The Sumatran tiger. I do believe if they are lost our planet will have been depleted of one of its finest works of art.
Unfortunately, palm oil plantations are primarily and increasingly found in the clear-cut primary rainforests of Indonesia, Malaysia, and Papua New Guinea, areas of extremely high biodiversity. And we aren’t just losing the critically endangered Sumatran tigers, elephants, and orangutans, but also incredible numbers of plants and insects found nowhere else in the world. Here is a spectacular but very rare Stag Beetle (Cyclommatus chewi, Family Lucanidae), from the forests of Sabah (Malaysian Borneo):
Not only are we losing the species currently described by science, but also the ones that have never even been seen by a human eye. Approximately 1.2 million species of insect are currently known to science, and estimates vary as to the number of insect species left to be discovered, but range anywhere from one million to thirty million more. So even conservatively, we barely know half of what we are losing.
Companies like Cargill (The largest privately owned company in the US, infamous around the Bay Area as the company trying to block salt pond restoration efforts in favor of development), own, operate, and purchase from many palm oil plantations in Southeast Asia. The oil palm (Elaeis guineensis), is high yielding and cheap to grow. Also, because of relatively new trans-fat labeling regulations in the US, many food organizations are looking for alternatives to partially hydrogenated vegetable oil. Palm oil is high in saturated fat, but it is, however, free of trans fats. Roughly half of all items on grocery store shelves now contain palm oil, from packaged food to body lotion to lipstick. On paper palm oil doesn’t sound so bad, who doesn’t want a trans-fat free oil that is efficient and cheap to grow? The problem is that the majority of agribusinesses manage their palm oil plantations in a highly unsustainable way simply because it’s cheap and they can get away with it.
These huge corporations participate in land-grabbing, the buying or leasing of large pieces of land in developing countries, and are allowed free reign to manage them. This results in environmental devastation as huge swaths of forest are cleared, and often burned wholly to the ground. Many of these pristine forests lie atop peatlands. Composed of an accumulation of partially decayed plant material, peat is nutrient and carbon-rich. However, when burned, peat forests release gigantic amounts of CO2 into the atmosphere, and it is exactly this burning that has given Indonesia the title of third largest CO2 emitter in the world. In place of forests palm oil monocultures are planted, which have been likened to parking lots in their ability to sustain animal life.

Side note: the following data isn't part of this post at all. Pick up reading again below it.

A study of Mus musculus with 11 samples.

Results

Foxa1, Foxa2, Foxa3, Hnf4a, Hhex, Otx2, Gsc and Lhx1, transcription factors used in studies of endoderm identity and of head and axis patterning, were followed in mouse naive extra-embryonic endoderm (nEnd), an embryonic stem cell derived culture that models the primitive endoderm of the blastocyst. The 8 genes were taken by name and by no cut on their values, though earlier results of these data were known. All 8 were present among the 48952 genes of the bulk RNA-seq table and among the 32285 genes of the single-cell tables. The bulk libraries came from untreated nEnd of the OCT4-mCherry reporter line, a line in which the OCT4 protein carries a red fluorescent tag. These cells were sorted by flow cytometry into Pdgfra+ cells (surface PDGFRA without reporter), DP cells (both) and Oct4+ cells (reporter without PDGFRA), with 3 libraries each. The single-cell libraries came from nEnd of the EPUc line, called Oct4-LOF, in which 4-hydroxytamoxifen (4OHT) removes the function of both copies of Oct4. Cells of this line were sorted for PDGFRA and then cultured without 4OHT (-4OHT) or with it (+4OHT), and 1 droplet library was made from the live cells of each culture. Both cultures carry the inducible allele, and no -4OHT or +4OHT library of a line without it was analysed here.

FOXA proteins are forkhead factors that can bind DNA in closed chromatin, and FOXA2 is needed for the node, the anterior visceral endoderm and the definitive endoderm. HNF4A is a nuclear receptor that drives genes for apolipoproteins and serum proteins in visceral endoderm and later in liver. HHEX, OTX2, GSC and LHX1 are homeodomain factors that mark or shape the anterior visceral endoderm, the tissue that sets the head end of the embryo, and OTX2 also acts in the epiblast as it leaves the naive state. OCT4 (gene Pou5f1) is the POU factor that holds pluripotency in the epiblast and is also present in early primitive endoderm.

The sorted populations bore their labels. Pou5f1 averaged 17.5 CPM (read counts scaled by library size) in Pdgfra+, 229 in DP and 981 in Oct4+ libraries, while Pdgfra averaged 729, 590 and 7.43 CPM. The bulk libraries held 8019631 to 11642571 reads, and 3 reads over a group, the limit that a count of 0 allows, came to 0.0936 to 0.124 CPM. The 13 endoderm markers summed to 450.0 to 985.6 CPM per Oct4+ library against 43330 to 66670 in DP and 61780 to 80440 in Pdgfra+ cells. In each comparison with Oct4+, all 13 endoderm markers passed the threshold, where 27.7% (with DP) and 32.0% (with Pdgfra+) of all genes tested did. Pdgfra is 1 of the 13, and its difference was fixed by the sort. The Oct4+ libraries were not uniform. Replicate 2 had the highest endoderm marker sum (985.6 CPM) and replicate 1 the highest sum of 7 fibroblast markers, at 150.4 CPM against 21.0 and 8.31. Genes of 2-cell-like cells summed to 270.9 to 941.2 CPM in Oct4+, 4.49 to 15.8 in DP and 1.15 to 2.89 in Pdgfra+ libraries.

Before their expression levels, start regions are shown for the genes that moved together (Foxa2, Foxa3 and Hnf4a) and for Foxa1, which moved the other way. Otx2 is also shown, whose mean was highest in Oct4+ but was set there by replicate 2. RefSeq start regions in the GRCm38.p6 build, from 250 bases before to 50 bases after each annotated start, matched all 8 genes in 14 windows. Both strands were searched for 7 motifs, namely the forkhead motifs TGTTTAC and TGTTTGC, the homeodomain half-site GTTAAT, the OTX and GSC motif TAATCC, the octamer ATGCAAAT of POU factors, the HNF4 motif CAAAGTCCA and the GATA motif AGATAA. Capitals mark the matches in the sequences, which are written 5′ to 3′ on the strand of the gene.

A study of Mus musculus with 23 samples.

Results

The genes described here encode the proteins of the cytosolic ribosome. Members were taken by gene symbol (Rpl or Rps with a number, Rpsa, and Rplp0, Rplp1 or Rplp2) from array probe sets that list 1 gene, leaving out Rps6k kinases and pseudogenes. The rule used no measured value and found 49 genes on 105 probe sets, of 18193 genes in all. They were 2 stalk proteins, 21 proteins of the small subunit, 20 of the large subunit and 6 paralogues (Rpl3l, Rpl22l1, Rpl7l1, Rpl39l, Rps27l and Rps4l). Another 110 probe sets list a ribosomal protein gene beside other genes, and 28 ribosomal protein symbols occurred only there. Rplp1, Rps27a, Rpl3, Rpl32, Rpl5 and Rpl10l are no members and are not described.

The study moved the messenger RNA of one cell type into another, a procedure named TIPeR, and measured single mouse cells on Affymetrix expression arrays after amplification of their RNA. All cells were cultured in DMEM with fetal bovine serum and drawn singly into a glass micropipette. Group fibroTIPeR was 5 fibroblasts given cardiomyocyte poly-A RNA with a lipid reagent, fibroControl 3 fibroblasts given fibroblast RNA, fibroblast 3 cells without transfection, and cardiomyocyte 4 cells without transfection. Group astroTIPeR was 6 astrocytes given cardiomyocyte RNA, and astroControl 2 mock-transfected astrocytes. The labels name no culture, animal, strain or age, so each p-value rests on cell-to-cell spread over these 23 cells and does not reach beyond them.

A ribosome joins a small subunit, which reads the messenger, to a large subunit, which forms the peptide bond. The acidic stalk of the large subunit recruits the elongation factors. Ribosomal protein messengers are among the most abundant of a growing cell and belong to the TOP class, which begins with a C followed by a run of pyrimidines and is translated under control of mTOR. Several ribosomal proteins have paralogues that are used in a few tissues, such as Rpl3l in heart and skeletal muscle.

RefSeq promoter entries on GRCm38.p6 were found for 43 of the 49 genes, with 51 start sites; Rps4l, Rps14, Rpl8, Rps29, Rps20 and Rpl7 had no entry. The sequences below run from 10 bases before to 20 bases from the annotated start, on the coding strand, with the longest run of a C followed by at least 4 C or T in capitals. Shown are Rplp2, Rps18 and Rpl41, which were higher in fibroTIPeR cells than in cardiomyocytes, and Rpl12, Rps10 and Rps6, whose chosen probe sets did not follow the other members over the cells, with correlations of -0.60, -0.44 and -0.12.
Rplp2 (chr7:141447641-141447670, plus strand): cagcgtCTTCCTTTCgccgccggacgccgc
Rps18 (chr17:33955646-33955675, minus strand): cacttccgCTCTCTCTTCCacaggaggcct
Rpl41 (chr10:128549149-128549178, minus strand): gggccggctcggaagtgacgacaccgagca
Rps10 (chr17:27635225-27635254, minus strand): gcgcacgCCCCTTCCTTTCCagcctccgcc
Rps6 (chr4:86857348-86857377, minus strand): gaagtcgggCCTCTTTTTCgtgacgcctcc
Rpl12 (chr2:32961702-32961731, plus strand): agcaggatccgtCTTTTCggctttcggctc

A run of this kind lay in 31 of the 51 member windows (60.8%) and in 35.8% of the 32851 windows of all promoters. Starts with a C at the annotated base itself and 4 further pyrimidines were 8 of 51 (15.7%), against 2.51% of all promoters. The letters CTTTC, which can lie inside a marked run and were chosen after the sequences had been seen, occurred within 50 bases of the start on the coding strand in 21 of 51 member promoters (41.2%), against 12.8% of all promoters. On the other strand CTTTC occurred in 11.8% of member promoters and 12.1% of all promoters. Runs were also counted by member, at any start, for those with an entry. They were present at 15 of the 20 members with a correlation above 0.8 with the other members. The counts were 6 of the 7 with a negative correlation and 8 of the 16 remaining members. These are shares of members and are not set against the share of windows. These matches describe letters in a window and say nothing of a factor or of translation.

The environment suffers undoubtedly, but so do local indigenous communities who are forced off their ancestral lands or coerced into living and working on palm oil plantations. Indeed there are more than 600 documented cases of social conflict in Indonesia related to palm oil.
To combat all this negative press, many corporations like Cargill pay dues to join the Roundtable On Sustainable Palm Oil (RSPO), which in theory promises strict sustainability and human-rights practices by it’s member corporations. In practice, however, all companies have to do to gain the RSPO seal of approval is to cut the organization a check.
It’s frustrating that companies can act with such impunity, counting on consumers to buy their greenwashing tactics while they make a killing. I want to find out where their CEO’s live and release potbelly pigs on their lawns. Or throw angry marmots in their shower…BUT, until I get their addresses and a whole mess of pigs and marmots, I am going to be really careful about buying products that contain palm oil. Not because I think this will solve everything, but because the last thing these companies deserve is my money.